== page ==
For those folks who regularly search for US government GIS maps and data on GeoData.gov, the US "Geospatial Data One-Stop" website, there's a new widget for quickly and easily keeping tabs on new data released. The Carbon Project recently released a new version of their "GOS Dashboard Gadget" for Windows 7 and Windows Vista. The widget installs to the desktop and allows users to easily browse GeoData.gov offerings, as well as get notified of updates that match a defined filter or geographical area. You can check out a movie of the gadget in action here: http://www.youtube.com/watch?v=NwzEsCftonk You can download the gadget here: http://www.thecarbonportal.net/
I just watched the trailer for the new Penn State public broadcasting series, the Geospatial Revolution Project -- for a geo-geek like me, it was truly awesome! A bit of context for those of you who can't watch the video right now, from the GRP website:
Penn State Public Broadcasting is developing the Geospatial Revolution Project, an integrated public media and outreach initiative about the world of digital mapping and how it is changing the way we think, behave, and interact. The project will feature a web-based serial release of eight video episodes... the episodes will culminate in a 60-minute documentary. The project also will include an outreach initiative in collaboration with our educational partners.
We're looking forward to seeing what these outreach materials are as well. The website mentions K-12 programming but also civic/community participation, so hopefully we'll see some useful materials that we can add to our nonprofit mapping resource library!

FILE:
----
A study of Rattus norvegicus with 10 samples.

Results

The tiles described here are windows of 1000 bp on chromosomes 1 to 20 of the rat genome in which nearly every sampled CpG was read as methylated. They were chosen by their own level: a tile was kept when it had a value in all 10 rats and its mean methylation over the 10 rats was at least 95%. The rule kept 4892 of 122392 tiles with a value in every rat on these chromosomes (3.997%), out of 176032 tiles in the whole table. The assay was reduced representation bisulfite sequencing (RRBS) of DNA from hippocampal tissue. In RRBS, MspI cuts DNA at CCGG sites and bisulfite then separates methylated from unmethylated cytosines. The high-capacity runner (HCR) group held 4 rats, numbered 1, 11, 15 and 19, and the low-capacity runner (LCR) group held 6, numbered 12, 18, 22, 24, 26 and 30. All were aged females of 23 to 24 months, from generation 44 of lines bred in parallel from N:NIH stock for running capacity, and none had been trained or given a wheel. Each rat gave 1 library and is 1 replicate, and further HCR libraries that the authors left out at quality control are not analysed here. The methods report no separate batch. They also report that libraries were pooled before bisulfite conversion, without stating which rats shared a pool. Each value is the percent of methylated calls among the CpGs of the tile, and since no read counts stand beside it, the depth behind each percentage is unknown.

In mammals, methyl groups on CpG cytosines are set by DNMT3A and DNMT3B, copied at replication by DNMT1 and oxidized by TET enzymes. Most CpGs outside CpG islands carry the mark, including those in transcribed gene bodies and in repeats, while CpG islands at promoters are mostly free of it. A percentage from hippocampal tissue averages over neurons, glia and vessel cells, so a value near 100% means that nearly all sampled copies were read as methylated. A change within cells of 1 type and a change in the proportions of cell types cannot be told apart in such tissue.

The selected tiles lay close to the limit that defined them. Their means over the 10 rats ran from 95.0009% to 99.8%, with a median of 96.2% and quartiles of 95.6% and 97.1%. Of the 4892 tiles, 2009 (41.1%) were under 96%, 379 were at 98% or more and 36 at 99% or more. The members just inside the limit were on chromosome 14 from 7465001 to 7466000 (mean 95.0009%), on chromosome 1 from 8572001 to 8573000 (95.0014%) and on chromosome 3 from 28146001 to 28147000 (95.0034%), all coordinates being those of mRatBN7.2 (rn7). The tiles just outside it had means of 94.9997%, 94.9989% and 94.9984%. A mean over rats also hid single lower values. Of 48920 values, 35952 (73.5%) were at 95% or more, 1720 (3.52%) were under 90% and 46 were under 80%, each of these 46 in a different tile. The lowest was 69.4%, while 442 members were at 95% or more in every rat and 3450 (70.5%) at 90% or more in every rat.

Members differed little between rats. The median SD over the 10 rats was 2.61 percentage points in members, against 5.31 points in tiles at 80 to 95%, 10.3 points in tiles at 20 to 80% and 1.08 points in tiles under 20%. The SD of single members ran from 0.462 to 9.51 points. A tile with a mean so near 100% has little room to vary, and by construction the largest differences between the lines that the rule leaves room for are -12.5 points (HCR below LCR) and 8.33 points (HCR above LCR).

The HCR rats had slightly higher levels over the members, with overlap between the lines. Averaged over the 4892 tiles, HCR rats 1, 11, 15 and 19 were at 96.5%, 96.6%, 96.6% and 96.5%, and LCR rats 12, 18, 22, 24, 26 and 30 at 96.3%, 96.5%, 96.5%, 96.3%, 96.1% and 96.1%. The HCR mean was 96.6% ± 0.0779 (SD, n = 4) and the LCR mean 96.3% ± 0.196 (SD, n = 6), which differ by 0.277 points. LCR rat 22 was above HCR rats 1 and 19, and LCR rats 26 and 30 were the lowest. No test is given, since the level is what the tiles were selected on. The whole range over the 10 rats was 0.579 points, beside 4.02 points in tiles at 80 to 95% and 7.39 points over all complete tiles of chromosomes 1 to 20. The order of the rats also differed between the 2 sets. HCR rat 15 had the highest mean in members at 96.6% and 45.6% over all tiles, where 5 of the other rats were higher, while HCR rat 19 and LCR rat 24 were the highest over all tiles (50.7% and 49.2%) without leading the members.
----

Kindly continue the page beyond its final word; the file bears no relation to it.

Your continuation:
In many of our other articles and resources about geographic information systems (GIS) and mapping for nonprofit organizations (NPOs), we focus more on the "NPO" than the "GIS" aspects: why should NPOs use GIS/mapping tools, how do these tools help fulfill nonprofit missions, when is it appropriate for NPOs to use these tools, what types of projects are other NPOs working on, etc.
In this article I'll be discussing some concepts squarely from the GIS/mapping side of the fence, but relax: we're going to keep it super simple and try to put in as many relevant community/NPO/NGO examples as we can :)
Yesterday, Lily posted an article introducing readers to Google's "My Maps" feature, which allows people to construct their own maps, with points, shapes/regions, formatted text, images, video, and more. This easy-to-learn mapmaking tool is being used by many nonprofits to create maps of their communities, their causes and issues, and various other geo-nifty applications.
We're very pleased to announce that MapTogether.org's proposed nonprofit mapping session - "Maptivism: GIS for the People!" - has been selected for presentation at this year's Free and Open Source Software for Geospatial Conference to be held in Sydney, Australia this October. FOSS4G is the annual international conference for developers and implementers of Free/Open Source GIS Software, and this is a great opportunity to share the awesome neogeography work our communities are doing with the global GIS/mapping development community!